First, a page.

A two hour drive to pop to the bank: The rural Scots hit by branch closures
A stay of execution provided by the Covid-19 crisis and lockdown has now come to an end - with a firm closing date of March now set by operator Bank of Scotland.
Balfron community council chair, Colin Cameron, has been leading the fight.
“Balfron is a rural community that still relies on cash, with a high proportion of older people and very limited public transport options,” he says. “Many people in the local community still use the bank because they want to talk to somebody and get support they need, so it will create a huge problem when it closes. We also have a lot of small businesses who rely on it.”
While the Bank of Scotland plans to offer a mobile service in Balfron, no timetable has been given of when, how long or where it will be based.
Balfron butcher Brian McGowan says a mobile service will not benefit the local businesses which line the high street.
"You don’t want somewhere you can only bank cash once a week,” he says. “It is a big issue for the community. The bank is closing down, but in reality, it’s a sign of the times. We use it to pay cash in, but what else do we do there? You don’t go to speak to your local bank manager to ask to borrow money any more, it doesn’t work like that.”
Balfron is not alone in losing its high street bank. A report published by Which? last year found that Scotland had lost 38 per cent of its bank branch network over the previous five years.
Earlier this week, TSB announced plans to close 74 more, hitting hard both small businesses who rely on banking facilities to process their takings and older residents who are not comfortable with online banking.
Meanwhile, a report published last year by Which? found that RBS has shuttered 63 per cent of its Scottish network since 2014. In the same period, Bank of Scotland closed 94 branches, equivalent to 32 per cent of its network, followed by Clydesdale, which closed 47 per cent.
Age Scotland has warned that people who are older, disadvantaged, or on low incomes, would struggle to travel to another bank - pointing out that almost half a million people over 60 in Scotland do not use the internet.
Colin Borland, director of devolved nations at the Federation of Small Businesses, says the closure of a bank can have a major knock-on effect on a town or village.
“TSB is just the latest in a line of banks, big business and public services pulling out of our towns and high streets,” he says. “When a bank branch closes, it doesn’t just leave another hole on the high street. It leaves the local community with fewer services and usually less access to cash. It takes more relatively well-paid jobs out of the local economy. It further hits the footfall on which many other local businesses depend.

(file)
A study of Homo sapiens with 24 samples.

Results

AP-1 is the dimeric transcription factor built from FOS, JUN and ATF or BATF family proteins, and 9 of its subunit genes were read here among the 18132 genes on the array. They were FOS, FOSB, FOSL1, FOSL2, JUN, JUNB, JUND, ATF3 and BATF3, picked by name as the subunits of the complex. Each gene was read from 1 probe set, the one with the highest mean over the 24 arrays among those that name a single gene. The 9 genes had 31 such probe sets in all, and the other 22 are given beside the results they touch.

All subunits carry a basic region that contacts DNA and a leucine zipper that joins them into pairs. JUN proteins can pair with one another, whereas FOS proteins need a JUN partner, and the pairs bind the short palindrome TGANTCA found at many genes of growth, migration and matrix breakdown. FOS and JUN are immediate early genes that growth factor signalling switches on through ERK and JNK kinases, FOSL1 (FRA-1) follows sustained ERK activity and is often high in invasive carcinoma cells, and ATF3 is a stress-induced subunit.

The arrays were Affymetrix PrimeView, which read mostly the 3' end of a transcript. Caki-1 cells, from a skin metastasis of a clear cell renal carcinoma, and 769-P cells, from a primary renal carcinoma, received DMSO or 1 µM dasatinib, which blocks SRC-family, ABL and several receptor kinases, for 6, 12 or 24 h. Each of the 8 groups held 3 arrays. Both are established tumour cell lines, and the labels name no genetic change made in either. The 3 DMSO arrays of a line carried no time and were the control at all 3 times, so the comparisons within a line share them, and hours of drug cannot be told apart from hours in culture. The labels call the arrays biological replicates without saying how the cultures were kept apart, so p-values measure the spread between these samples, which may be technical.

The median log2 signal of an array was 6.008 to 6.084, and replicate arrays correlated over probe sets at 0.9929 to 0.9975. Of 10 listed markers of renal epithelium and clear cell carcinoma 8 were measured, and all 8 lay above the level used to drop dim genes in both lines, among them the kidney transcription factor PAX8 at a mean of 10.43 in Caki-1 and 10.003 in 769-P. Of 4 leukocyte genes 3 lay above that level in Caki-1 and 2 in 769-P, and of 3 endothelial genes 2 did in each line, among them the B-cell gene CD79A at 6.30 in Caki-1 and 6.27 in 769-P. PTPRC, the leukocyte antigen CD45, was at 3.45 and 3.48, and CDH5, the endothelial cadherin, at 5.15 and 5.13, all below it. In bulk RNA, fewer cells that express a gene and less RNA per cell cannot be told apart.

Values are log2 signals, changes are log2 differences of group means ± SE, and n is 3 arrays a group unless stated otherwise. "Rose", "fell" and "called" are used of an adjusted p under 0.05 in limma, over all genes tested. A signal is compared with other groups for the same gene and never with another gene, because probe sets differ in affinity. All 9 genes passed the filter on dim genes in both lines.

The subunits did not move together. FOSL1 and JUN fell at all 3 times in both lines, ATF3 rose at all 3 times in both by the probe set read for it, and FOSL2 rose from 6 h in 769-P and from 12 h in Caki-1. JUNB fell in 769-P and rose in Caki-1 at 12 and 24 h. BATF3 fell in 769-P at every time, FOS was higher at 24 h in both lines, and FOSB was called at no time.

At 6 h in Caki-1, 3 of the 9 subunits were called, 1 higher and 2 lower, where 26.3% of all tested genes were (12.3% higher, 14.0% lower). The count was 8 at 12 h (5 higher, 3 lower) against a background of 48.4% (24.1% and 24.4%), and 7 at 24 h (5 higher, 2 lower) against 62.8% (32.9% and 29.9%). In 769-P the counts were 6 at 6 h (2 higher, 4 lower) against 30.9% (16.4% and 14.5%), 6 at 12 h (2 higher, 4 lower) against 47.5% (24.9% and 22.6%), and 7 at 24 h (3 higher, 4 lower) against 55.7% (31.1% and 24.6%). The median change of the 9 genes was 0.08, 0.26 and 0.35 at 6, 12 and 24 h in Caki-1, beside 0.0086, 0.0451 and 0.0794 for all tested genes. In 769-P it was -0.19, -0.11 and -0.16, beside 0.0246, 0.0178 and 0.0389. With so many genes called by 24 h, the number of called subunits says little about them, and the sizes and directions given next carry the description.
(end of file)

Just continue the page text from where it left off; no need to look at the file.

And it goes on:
“In remote and rural areas, it can leave entire communities without services. That can leave customers having to spend several hours out of their business, travelling many miles to and from the nearest branch.”
Borland warns that many businesses, particularly in rural areas, find it hard to access online banking facilities reliably.
He says: “Your mobile banking app – even if it works perfectly one hundred percent of the time – isn’t going to replace that. And, in areas with poor broadband or 4G, customers can’t even rely on it to replace the most routine transactions.”
In the remote village of Durness, in the Highlands, the nearest bank is in Golspie, 74 miles away and a two hour drive down single track roads.The last local bank, in Tongue, closed some time ago.
James Findlay, co-owner of chocolate store and cafe Cocoa Mountain in Durness, cashes up at the nearby Post Office.
“There is a mobile bank which comes once a week, but that isn’t enough for businesses,” he explains. “You don’t want to be holding on to cash for that long. Luckily, I’m able to deposit money into my Santander account through the Post Office, but if I want to do any other kind of face to face banking, I have to go to Inverness, where my nearest branch is. There won’t be any banks left soon.”
He adds: “We have gone almost entirely cashless since the pandemic, which has helped, as everything is online. Now, with Covid, the cashless society will come in faster.”
Gareth Shaw, head of money at Which?, warns that the financial regulator needs to keep an eye on closure decisions in rural areas to ensure that people are not cut off from essential banking services.
He says: “Scotland has seen hundreds of branch closures in the last five years, presenting a major challenge to some rural communities who have been left without access to a bank in their local area.
“While some banks offer mobile branches, the fragility of this support was demonstrated when these services were suspended during the initial coronavirus lockdown. The Post Office can also offer some assistance, but not the full range of services that a bank provides.”
Charities are also impacted by bank closures, leaving local volunteer-led fundraising groups – a mainstay of the sector – unable to bank cash after events.
Debbie Mooney, head of community fundraising in Scotland for end-of-life charity Marie Curie says: “Fundraising in the community continues to be heavily reliant on cash donations and therefore local bank closures are having a negative impact on the charity sector across Scotland.
"Whilst we understand and appreciate the climate has changed and many people are embracing new ways of banking, charities will always have the need to bank cash from collections and local events.”